Glittery, festive dinosaurs.

In retrospect, I should’ve spent the fall inhaling berries until I was nice and plump, readying myself for hibernation. The most effective way to combat gloom has been with sleep. Can’t be depressed when I’m asleep!

View from Jordi’s window last week.

Danica (probably) correctly guessed that the Velcros haphazardly stuck down my doorframe once held up a magnetic screen door. As such a thing would’ve predated my roomie who has lived at this address for six years, it explains why most of the strips are long gone. Also long gone are the icicles that formed while Victoria was getting a comically large–but no longer unusual–dumping of snow last week. 36 cm of snow would’ve been manageable in Montrèal, a city with a fleet of plows in assorted sizes. But in Victoria? Most people in this fair city don’t own a snow shovel. This didn’t stop my roomie from clearing the sidewalk in front of our building. The resourceful bastard used a canoe paddle. Meanwhile, most people opted to do nothing. Absolutely nothing!

Holislay icicle spectacle.

Snow days used to mean no school or work. Now that I work retail and have done so for the past fifteen years, capitalism trumps public safety. Of course, this wouldn’t have happened if not for all the desperate last-minute holiday shoppers who showed up that day. Why close if there’s still profit to be made and just enough staff can make it to work?

Giving off a winning attitude since 2006!

The reason I won’t be going to work for the next three weeks isn’t climatic: I’ve taken a leave of absence to deal with my mental health. Or, it’s so that I don’t subject others to the effects of my unravelling mental state.

Being the lone deaf person in a group setting has never been easy. During the holidays, when I was living at home, I was expected to pretend that I was thrilled to spend time with the family even though they’d exclude me from conversations. Most of my family never learned to sign. If I started complaining or acting bored, my mom would get upset because it meant I was making everyone feel uncomfortable.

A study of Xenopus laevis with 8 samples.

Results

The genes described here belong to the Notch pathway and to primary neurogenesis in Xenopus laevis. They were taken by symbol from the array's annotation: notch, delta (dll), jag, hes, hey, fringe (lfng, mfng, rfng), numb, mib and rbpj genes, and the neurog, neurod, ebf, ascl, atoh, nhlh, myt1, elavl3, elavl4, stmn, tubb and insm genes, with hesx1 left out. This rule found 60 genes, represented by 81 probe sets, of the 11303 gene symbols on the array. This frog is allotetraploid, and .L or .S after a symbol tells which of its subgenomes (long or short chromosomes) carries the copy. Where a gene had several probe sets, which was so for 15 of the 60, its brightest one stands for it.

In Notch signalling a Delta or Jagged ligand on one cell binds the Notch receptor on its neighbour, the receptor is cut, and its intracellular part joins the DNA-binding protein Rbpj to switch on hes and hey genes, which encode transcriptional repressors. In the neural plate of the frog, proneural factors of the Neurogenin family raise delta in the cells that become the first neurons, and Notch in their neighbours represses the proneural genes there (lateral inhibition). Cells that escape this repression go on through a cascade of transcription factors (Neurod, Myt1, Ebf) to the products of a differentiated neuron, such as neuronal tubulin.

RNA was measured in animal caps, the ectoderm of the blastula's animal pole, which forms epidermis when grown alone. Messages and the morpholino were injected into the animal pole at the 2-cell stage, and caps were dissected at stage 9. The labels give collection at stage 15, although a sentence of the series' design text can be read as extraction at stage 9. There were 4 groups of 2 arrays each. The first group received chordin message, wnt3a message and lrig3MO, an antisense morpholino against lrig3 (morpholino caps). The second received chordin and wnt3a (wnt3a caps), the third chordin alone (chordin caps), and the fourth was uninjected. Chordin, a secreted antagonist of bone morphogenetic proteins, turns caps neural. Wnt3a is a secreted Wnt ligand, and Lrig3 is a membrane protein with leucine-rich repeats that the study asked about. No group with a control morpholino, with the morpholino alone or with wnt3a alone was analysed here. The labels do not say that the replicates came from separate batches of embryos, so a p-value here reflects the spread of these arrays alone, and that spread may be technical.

Indeed I have learned that I am expected to deal with multiple people, many of whom either can’t or won’t deal with one person: me. This is a year-round problem that’s magnified during the holidays. At least during the summer, I have extracurricular activities to look forward to.

Right now, I can’t put on my usual performance of pretending to be unbothered about being excluded from group conversations. And there’s the paradox of being unapproachable while wishing people wouldn’t avoid me. I haven’t figured out the best way to cope: that’s why I’ll be starting therapy in 2023.

I’ve tried therapy in the past without much success. I am more optimistic this time around, though, because this therapist is also deaf. Having a deaf therapist means I’ll get to bypass the part where I educate the therapist about the difficulties I face as a deaf person. I am an extraordinary human who requires unconventional solutions! Perhaps a canoe paddle will be the solution to my problems?

In between all the sleeping and moping I do, there are still moments of delight. I received this adorable card in the mail today:

I don’t even mind that I got glitter on my hands from it.

Relevant comic about depression. And the second part too.